Risk Management Is the Key to Long-Term Trading Success

Risk management is what separates great traders from the masses.

Controlling risk, reducing risk, taking a planned loss with flawless execution, is what makes a trader great.

Learning to trade is easy. Learning to manage risk means you have control of your ego.

Overnight Risk Versus Profit Potential

risk managementWould you believe me if I said swing trading has more risk than day trading?

It’s true.

Risk management is relative to your style of trading. Pure day traders go home “flat.” No over-night risk. You, as a swing trader are exposed to any number of unforeseen catastrophes.

The profit potential is commensurate with the risk but, the key question is, how do you control the downside to justify the upside?

Most trading plans are focused on strategy. Sadly, plans for risk management are developed as an after-thought. This is why so many traders never turn profitable. Strategy is your map. Risk management means you are behind the wheel. Imagine driving with no sense of how to use the breaks?

When you treat your swing trading account like a real business you develop a mindset to address the risk. This means strategic planning that seeks to preserve capital while you test and discover your trading niche.

An eye doctor doesn’t fill cavities. You shouldn’t try to do everything in your trading account either.

Swing trading is first knowledge and then skill. The knowledge part is easy. To gain the skill- you need to place real trades and quickly reduce mistakes by ruthlessly paying attention to results.

The most common error made by swing traders is initiating positions out of line with either:

  • Their resources.
  • The probability of the trade.

Let’s discuss each so you can tame the beast that destroys most swing trading accounts.

Swing Trading Within Your Resources

Quick, make a list your trading resources…

Did you list any of your skills? Did you list risk management skills in particular?

You may think being well-capitalized is a blessing for a trader. It is and it isn’t.

It depends on your skill level and the the credibility of your edge. A well-funded account without experience or a trading strategy that works, is a funeral march to a separation of money and trader. Time-after-time I have witnessed talented traders buy large positions in a stock (or load up with options) simply because they could afford to. To put it simply this is dumb trading.

Too many traders consider it “money I can afford to lose.” Well guess what-you will lose it with that mindset.

Inevitably, if a trade goes south, they brag about the loss to show off they can afford it. The story gets deeper when they say “it’s not a loss until I sell.” Yeah right. Tell that to everyone in 2007-2008. How well did that plan work?

A large trading account is a luxury and should be focused on building rules, discipline and skills. You can afford to test ideas until you find the strategy that matches your personality. Your main resource is money but if you are sloppy the market will make you pay.

Embrace this valuable resources from the start so you can consider yourself a professional.

Professionals take their job seriously. Swing trading is a serious business.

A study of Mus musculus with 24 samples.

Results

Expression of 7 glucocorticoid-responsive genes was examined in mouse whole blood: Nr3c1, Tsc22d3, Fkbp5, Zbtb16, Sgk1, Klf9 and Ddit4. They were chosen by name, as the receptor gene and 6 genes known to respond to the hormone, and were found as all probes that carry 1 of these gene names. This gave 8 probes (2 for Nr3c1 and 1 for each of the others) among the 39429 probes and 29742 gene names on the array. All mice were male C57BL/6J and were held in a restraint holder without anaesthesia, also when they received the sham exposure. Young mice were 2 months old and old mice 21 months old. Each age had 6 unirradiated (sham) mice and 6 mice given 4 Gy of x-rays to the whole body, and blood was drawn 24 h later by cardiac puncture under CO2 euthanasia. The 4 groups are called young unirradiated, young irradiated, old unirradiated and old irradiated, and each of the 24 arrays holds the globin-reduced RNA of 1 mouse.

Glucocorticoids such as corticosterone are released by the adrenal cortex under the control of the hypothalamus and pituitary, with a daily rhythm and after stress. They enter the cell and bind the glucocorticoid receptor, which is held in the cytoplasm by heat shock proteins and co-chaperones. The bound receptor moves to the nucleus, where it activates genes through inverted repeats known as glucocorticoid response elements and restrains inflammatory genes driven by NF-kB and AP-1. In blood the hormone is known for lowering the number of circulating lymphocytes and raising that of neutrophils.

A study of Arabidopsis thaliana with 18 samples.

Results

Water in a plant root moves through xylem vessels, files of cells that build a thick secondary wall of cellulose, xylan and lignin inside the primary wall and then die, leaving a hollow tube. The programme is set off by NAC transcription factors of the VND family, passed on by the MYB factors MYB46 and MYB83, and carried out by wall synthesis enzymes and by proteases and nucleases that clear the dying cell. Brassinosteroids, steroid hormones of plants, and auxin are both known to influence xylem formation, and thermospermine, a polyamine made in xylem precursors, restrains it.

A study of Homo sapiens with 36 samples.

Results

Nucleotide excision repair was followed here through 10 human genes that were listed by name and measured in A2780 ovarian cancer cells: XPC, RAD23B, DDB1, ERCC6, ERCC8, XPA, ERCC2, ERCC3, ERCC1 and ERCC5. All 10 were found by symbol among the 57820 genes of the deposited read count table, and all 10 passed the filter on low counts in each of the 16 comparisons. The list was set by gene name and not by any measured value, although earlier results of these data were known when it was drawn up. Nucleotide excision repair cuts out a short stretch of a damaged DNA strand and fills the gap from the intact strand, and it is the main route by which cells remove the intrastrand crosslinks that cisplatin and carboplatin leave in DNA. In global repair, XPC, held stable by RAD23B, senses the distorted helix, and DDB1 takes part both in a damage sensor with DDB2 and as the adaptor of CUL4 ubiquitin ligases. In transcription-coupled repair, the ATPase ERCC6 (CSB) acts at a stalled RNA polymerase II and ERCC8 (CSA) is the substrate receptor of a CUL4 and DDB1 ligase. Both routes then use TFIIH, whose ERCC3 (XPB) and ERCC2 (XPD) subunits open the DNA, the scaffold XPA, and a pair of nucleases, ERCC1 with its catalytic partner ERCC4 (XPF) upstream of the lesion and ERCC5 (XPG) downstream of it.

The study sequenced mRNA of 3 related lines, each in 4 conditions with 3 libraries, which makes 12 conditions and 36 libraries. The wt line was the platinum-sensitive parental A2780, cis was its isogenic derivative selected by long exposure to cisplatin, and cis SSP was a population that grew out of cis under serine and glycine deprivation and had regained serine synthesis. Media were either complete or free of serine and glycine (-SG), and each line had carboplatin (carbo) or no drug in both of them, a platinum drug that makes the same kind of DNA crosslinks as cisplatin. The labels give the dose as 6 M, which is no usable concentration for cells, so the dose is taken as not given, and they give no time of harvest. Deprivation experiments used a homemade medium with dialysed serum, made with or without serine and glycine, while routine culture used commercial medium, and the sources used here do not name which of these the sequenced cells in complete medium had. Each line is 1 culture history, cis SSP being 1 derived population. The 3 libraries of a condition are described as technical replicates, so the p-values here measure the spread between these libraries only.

High-probability Trading vs Reduced Commission Trading

Up until the late 1980’s it was too expensive for the average trader to be active. I remember clearly it was over $200 to initiate a new position.

You had to be very picky. The cost of the trade factored into trade frequency. As costs went down activity went up because the added expense for all intents and purposes was removed.

This isn’t necessarily a good thing. It’s too common today to place a trade because you have an account than because there is a really good reason to do so.

A common misconception about trading is that all trades should be treated equally. Same risk, same amount of shares etc. This is flat-out wrong. Some ideas are better!

I am going to define an inexperienced trader as anyone who does not earn consistent money on a quarterly basis. If you spend years trading but don’t earn money you have not learned anything. So with that context, inexperienced traders don’t understand there is a time to manage risk and there is a time to be aggressive.

Inexperienced traders see each trade nothing more than an opportunity to place an order. They don’t hold the good ones longer and take equal risk on the mediocre setups. It is critical you understand this distinction to become the best version of yourself as a trader.

This means you need to learn two things:

  • How to build a position.
  • How to assess conditions to distinguish the good from great opportunities to accept risk.

You always want to say “I lost money on a great idea. I would definitely take that trade again.”

Building a position implies you are managing risk until a position proves itself. You never load the boat until the idea is validated by price action. You build the position as price action moves in your favor. NEVER as it moves against you.

This way you have more shares when the position is a winner and less shares when price action fails.

Assessing conditions that imply a probability means you have clear and structured criteria that define the odds. This statement may seem to contradict the context of the article but the point is-the real risk in a trade is the quality of the idea. The better the odds the lower the risk.

Work hard to respect risk (no matter how big your account) and you should be well rewarded for it. Rick management makes trade management a whole lot easier.

 

 

About the Author

Pete is a full-time trader and mentor since 2000. Author of Equity Trader 101 and the Order Flow Method. He is dedicated to help self-directed traders to bust through the six-figure level.